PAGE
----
Re: Priority implementation complexity (was: Re: Extensible Priorities and Reprioritization)

Lucas Pardue <> Fri, 19 June 2020 16:26 UTC

Date: Fri, 19 Jun 2020 17:22:30 +0100
so great so I'll pick out some points from this and the parent thread:

Google have added a flag [1] to Chrome that allows toggling of H2
reprioritization, some experimental work is happening with this. Thanks!

We've talked a bit about how priorities might affect both scheduling server
work, and selecting the bytes to emit from the server's response send
queue. I agree with Kazuho that we don't want to specify much about the
internals of server applications. However, there are some DoS
considerations (depending on the outcome of the repriority discussion), so
looking ahead we might find it is useful to capture anything already not
already covered in the spec.

The server's role in optimizing the use of available bandwidth is an
interesting perspective to take, especially considering the client's
responsibility for providing flow control updates. In the basic HTTP/3
priority implementation of the quiche library, the application processes
the priority header and provides that information when sending response
data. Internally the library uses an implementation-specific API method to
set the priority of the transport stream; this does account for the
properties Kazuho mentioned i) it returns an error if the stream ID exceeds
current maximum ii) it no-ops if the stream ID refers to a closed stream.
HTTP response payload data is written to each stream until the QUIC layer
tells me it cannot take any more because the send window is full. In a
separate loop, the QUIC layer selects stream data to transmit based on the
priority. The client's expedience in providing flow control updates affects
phase 1 (local buffering) but not phase 2 (emission). A client
reprioritization would affect phase 2 not phase 1. In my case, quiche's
transport priority method does account for the properties Kazuho mentioned
i) it returns an error if the stream ID exceeds current maximum ii) it
no-ops if the stream ID refers to a closed stream.

The funnies will happen with trying to accommodate reprioritization

   - Exposing the reception of a reprioritization signal (PRIORITY_UPDATE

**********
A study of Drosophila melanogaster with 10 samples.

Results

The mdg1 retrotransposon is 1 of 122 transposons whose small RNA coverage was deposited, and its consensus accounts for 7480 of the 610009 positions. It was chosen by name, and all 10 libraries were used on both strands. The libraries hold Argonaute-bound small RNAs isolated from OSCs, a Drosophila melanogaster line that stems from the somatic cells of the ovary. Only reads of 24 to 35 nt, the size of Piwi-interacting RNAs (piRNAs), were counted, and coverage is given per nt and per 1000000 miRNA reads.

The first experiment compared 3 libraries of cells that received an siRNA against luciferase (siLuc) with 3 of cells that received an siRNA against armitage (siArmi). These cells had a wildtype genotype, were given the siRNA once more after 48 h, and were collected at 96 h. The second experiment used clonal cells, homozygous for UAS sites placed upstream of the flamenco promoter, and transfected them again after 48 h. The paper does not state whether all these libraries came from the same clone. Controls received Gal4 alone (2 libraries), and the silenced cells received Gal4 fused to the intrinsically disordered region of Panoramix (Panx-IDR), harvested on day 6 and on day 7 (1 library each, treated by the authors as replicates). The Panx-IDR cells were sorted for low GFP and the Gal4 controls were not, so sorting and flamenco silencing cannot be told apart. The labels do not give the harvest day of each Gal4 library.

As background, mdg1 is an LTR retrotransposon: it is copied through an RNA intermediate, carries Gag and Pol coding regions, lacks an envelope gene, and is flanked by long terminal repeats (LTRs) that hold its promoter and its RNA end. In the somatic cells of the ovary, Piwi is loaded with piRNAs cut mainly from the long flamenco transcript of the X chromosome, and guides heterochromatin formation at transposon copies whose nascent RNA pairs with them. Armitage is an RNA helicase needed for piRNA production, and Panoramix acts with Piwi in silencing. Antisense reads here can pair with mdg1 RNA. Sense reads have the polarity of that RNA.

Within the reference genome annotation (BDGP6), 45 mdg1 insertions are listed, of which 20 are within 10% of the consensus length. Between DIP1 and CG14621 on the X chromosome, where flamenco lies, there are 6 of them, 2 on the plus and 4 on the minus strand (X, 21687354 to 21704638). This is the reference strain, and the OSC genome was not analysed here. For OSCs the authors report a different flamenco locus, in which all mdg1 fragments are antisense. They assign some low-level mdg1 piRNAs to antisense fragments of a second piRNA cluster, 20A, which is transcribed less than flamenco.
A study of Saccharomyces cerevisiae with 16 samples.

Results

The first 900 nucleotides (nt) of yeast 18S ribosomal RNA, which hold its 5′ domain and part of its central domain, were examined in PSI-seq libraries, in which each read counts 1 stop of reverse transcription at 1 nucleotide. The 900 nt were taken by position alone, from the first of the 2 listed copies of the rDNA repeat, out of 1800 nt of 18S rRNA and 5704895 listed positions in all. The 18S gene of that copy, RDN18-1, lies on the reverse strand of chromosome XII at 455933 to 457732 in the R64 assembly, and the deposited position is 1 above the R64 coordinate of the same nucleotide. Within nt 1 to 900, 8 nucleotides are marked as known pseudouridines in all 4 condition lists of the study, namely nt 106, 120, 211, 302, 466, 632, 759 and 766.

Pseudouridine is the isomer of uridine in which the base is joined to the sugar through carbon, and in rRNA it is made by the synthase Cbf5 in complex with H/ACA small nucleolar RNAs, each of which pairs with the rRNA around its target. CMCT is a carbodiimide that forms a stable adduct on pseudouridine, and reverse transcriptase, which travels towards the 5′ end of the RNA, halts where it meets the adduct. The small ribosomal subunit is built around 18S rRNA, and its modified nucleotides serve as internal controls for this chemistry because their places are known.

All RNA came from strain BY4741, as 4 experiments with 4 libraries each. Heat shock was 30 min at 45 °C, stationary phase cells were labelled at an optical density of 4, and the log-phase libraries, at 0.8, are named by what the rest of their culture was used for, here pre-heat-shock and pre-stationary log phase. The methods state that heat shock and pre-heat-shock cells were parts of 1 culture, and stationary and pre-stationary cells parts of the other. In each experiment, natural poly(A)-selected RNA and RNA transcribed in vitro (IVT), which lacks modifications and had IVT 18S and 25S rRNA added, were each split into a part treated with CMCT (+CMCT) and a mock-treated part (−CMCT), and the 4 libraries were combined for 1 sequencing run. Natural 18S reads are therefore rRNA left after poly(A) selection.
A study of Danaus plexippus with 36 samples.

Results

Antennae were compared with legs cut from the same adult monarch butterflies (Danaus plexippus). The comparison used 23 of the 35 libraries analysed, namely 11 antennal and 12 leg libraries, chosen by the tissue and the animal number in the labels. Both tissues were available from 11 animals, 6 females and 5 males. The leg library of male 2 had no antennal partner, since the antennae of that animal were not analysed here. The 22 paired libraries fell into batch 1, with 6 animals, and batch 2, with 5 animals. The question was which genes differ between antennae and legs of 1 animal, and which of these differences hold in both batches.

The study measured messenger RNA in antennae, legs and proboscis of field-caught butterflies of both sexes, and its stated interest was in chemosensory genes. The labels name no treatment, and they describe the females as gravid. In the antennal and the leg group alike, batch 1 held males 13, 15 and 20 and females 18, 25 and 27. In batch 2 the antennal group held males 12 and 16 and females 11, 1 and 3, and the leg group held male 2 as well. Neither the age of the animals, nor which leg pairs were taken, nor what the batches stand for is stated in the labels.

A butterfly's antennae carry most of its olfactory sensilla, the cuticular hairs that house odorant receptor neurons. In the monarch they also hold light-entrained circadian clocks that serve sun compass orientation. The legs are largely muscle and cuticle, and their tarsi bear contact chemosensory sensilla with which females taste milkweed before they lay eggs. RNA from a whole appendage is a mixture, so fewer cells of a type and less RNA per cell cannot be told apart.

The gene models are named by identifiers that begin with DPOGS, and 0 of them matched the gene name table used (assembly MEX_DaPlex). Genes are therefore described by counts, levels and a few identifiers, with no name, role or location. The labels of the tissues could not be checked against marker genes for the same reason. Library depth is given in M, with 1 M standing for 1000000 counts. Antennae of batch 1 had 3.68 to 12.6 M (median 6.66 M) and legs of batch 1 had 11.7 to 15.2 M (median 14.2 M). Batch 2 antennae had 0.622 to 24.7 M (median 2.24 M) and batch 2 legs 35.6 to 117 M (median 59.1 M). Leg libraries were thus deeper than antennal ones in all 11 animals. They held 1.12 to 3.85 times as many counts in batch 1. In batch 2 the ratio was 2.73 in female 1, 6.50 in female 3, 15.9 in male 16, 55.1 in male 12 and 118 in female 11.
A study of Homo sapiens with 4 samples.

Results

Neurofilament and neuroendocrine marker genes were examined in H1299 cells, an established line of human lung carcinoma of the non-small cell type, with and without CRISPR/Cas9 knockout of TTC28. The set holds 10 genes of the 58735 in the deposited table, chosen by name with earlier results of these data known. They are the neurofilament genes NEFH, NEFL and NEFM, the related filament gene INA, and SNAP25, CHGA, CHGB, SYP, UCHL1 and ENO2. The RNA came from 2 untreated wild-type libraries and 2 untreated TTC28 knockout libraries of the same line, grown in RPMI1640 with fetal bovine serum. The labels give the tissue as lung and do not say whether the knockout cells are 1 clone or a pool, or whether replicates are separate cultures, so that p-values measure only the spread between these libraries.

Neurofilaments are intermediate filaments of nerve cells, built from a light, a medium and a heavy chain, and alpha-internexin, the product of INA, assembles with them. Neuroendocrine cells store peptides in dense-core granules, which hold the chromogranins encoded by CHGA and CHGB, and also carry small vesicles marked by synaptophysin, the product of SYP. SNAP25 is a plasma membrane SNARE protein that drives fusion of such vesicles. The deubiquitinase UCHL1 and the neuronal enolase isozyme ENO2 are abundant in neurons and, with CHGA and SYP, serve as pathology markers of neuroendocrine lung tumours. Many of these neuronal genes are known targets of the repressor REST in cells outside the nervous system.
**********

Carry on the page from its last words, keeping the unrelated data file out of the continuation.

frame) to the application might be useful, or useless if we consider some
   of Stefan's points.
   - Reordering can cause the reprioritization to arrive before the initial
   priority. Exposing an event to the application just made things harder.
      - Reordering isn't the only concern. In quiche, when an application
      asks us to read from transport, we internally always read from
the control
      stream and QPACK streams before request streams. So we'd always pull out
      the PRIORITY_UPDATE first.
      - Exposing this scenario of reprioritization event to the application
      is mostly useless because the application has no idea of what is being
      reprioritized. If the priority is used for deciding server work,
one of the
      layers above transport needs to first validate and then remember the
      details. This means that the library needs to expose a broader
API surface
      than it already does (e.g. exposing Kazuho's properties)
      - If the transport layer API simply actions the last invoked
   priority, naively calling it when the signals were received in the "wrong"
   order means that reprioritization might be ignored.
   - If a reprioritization event is simply hair pinned back into the quiche
   library, there is an argument for not exposing it.
   - I could simply accommodate things by modifying the transport priority
   method to take a bool, is_initial. This would prevent an initial priority
   from being applied after a reprioritization. In conjunction, defining in
   the spec that initial priority is *always the header* would remove some of
   the complexity of buffering data above the transport layer.

All of this is additional consideration and speculation specific to my
implementation, applicability to others can vary. I can see how things
would be harder for implementers that attempt to manage more of the
priority scheme in the HTTP/3 layer than the QUIC one.

We also haven't mentioned reprioritization of server push. The client
cannot control the initial priority of a pushed response and there is an
open issue about the default priority of a push [2]. In that thread we are
leaning towards defining no default priority and letting a server pick
based on information *it* has. However, Mike Bishop's point about
reprioritizing pushes is interesting [3]. To paraphrase, if you consider
the RTT of the connection, there are three conditions:

a) the push priority was low: so no data was sent by the time a
reprioritization was received at the server. It is possible to apply the
reprioritization but importantly, the push was pointless and we may as well
have waited for the client to make the request.
b) the push priority was high, response size "small": so all data was sent
by the time a reprioritization was received at the server. The
reprioritization was useless.
c) the push priority was high, response size "large": some data sent at
initial priority but at the time a reprioritization is received at the
server, the remaining data can be sent appropriately. However, anecdotally
we know that pushing large objects is not a good idea.

If we agree to those conditions, it makes for a poor argument to keep
reprioritization of server push. But maybe there is data that disagrees.